By Alex Edwards

The pound was one of the best performers of the day, rallying around 0.70% on Monday from 1.3067 to a high of 1.3164, a level not witnessed since the start of August. The main catalyst for the move was on the back of hopes that there was progress being made in the Irish border Brexit question. The Times newspaper reported yesterday that the EU was prepared to accept a frictionless Irish border post Brexit which increases the probability of a withdrawal agreement deal by the end of the year.

Meanwhile, on the data front, house prices rose by 0.7% in September, after falling by 2.3% in August, according to Rightmove. The annual pace of house price growth edged up to 1.2% in September, from 1.1% in August.

Looking ahead, The Prime Minister is set for another round of Brexit negotiations this week and the pound has shown various occasions in the past couple of weeks that it remains highly sensitive to Brexit headlines. There’s no UK economic data due for release.

The dollar fell on Monday after White House economic advisor Kudlow said that additional tariffs against China were forthcoming. And they were, as later in the day US President Trump announced tariffs on $200 billion of Chinese goods, adding that if China retaliated he’d impose a further $267 billion of tariffs on imports. If anything though, the USD has recovered slightly as risk is sold.

On the data front yesterday, the New York Empire manufacturing index fell from a ten-month high of 25.6 in August to a five-month low of 19.0 in September. Some fall in the index was not surprising, given the toll the trade wars could be having on confidence. The index however, is volatile, and the sub-indices on activity remain elevated.

Looking ahead, the economic calendar is fairly light, but attention turns to China as traders will keen to hear what the response, if any, will be to the US action. We’re already hearing various comments albeit there’s been no immediate concrete action taken as of yet.

EUR/USD pushed higher through the day yesterday. The pair traded as high as 1.1717 early this morning and has settled only slightly below the big 1.17 figure in London opening this morning. The greenback showed some broad weakness against all rivals yesterday, including the single currency. The US action on China has been the main driver over the last 24 hours, and markets are now trading with a “risk off” tone following the latest headline.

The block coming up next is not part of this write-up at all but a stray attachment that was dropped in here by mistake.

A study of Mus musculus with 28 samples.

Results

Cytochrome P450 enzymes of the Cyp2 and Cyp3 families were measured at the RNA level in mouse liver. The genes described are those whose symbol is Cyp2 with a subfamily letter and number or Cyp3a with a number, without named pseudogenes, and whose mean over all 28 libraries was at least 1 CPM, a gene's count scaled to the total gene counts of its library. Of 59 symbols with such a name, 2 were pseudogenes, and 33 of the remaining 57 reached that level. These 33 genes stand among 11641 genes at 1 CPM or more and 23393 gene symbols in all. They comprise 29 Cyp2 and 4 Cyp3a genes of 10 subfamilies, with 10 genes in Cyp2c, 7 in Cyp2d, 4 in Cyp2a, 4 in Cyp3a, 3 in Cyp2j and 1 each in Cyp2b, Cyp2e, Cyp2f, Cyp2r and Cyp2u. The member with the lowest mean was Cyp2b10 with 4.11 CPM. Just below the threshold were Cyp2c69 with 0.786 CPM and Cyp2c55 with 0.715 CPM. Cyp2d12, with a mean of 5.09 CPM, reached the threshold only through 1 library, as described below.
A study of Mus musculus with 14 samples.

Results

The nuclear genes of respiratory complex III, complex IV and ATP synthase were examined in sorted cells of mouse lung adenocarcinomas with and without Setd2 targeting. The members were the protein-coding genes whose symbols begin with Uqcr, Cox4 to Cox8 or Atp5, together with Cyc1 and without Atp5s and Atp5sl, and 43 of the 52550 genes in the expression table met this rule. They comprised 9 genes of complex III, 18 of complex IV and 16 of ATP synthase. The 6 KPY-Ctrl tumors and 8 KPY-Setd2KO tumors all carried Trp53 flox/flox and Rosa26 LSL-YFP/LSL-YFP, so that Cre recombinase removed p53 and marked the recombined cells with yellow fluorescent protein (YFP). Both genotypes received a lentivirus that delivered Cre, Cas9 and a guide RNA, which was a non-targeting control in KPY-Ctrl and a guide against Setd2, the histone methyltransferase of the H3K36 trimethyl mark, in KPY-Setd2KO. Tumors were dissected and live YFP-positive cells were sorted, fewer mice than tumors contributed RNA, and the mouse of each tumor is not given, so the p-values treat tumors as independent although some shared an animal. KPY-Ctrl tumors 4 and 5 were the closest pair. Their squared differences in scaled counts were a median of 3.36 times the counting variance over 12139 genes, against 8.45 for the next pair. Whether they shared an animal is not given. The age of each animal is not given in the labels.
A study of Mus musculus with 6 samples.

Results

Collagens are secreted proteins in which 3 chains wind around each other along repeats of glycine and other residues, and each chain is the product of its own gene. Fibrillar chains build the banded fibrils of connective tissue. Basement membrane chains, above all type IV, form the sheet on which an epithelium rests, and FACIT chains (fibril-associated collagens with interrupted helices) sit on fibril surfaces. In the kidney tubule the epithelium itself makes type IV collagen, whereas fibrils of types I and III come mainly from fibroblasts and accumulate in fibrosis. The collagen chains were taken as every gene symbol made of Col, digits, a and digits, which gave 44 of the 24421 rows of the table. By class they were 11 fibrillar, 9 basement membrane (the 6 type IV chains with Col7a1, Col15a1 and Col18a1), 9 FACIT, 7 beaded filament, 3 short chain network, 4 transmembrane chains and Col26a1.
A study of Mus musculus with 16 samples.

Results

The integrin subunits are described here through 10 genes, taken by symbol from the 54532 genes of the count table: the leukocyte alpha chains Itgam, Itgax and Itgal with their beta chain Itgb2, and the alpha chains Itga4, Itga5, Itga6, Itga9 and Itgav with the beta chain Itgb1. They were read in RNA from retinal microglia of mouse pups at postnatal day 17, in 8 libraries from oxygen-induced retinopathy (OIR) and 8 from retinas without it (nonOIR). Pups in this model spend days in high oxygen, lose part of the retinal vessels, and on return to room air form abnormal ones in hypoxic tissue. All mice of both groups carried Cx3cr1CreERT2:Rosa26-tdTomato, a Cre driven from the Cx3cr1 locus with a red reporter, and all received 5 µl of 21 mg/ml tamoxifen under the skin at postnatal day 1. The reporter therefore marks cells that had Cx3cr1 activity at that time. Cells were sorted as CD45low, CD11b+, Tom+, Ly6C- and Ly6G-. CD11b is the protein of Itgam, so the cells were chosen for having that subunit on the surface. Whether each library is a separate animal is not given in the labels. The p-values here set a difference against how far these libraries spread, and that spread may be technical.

On the domestic front, the EU annual inflation was confirmed at 2% while the core reading came in at 1% as expected. M/M headline inflation was 0.2%, a steady improvement on the previous -0.3%. Ultimately the numbers came in as widely expected and had little effect on the euro. Moving into Tuesday, Traders will keep a close eye on the US-China trade conflict, and moreover any signs of retaliation from China, as well as ECB Mario Draghi’s speech for direction.

The Australian Dollar ground its way upwards in overnight trading, moving towards and through the key 0.72 level. It traded to an overnight high of .7220 as the US/China trade headlines pushed the greenback lower. Ever since the tariffs were announced/confirmed the aussie has fallen back, as risk demand looks a little wobbly and AUD/USD trades just shy of the .72 figure this morning.

In the very near term, rhetoric and retaliatory comments from China will likely determine the aussie dollar’s fate. There’s been no detail released on any of China’s countermeasures yet though.

Monday saw the Canadian Dollar finish largely unchanged against the greenback as investors adopted a ‘wait and see’ approach ahead of potential trade news, with Reuters also reporting that traders are structuring options contracts to bet on near term CAD volatility. The loonie, which rose nearly 1% last week, traded in a tight range between 1.3002 and 1.3048 as softness in oil prices and deepening trade war rhetoric continued to weigh on the domestic unit.

Second tier housing data released yesterday also showed resales of Canadian homes rose 0.9% in August realising its fourth straight monthly rise but still below long run averages. As expected, the release did little to move markets with traders already looking forward to domestic inflation and retail sales, which are due out on Friday.

The New Zealand dollar is slightly stronger this morning when valued against the U.S. Dollar. The kiwi traded at a high of 0.6607 overnight as US/China trade developments took a grip. But investors are hesitant to sell the kiwi ahead of this week’s key New Zealand data releases, including the latest quarterly Gross Domestic Product growth figures. On that note, PM Arden said overnight that she had seen the data and was “pleased” with it, only for spokesman than to say she had been mistaken and she had not seen the GDP number. NZD/USD was largely unaffected by it.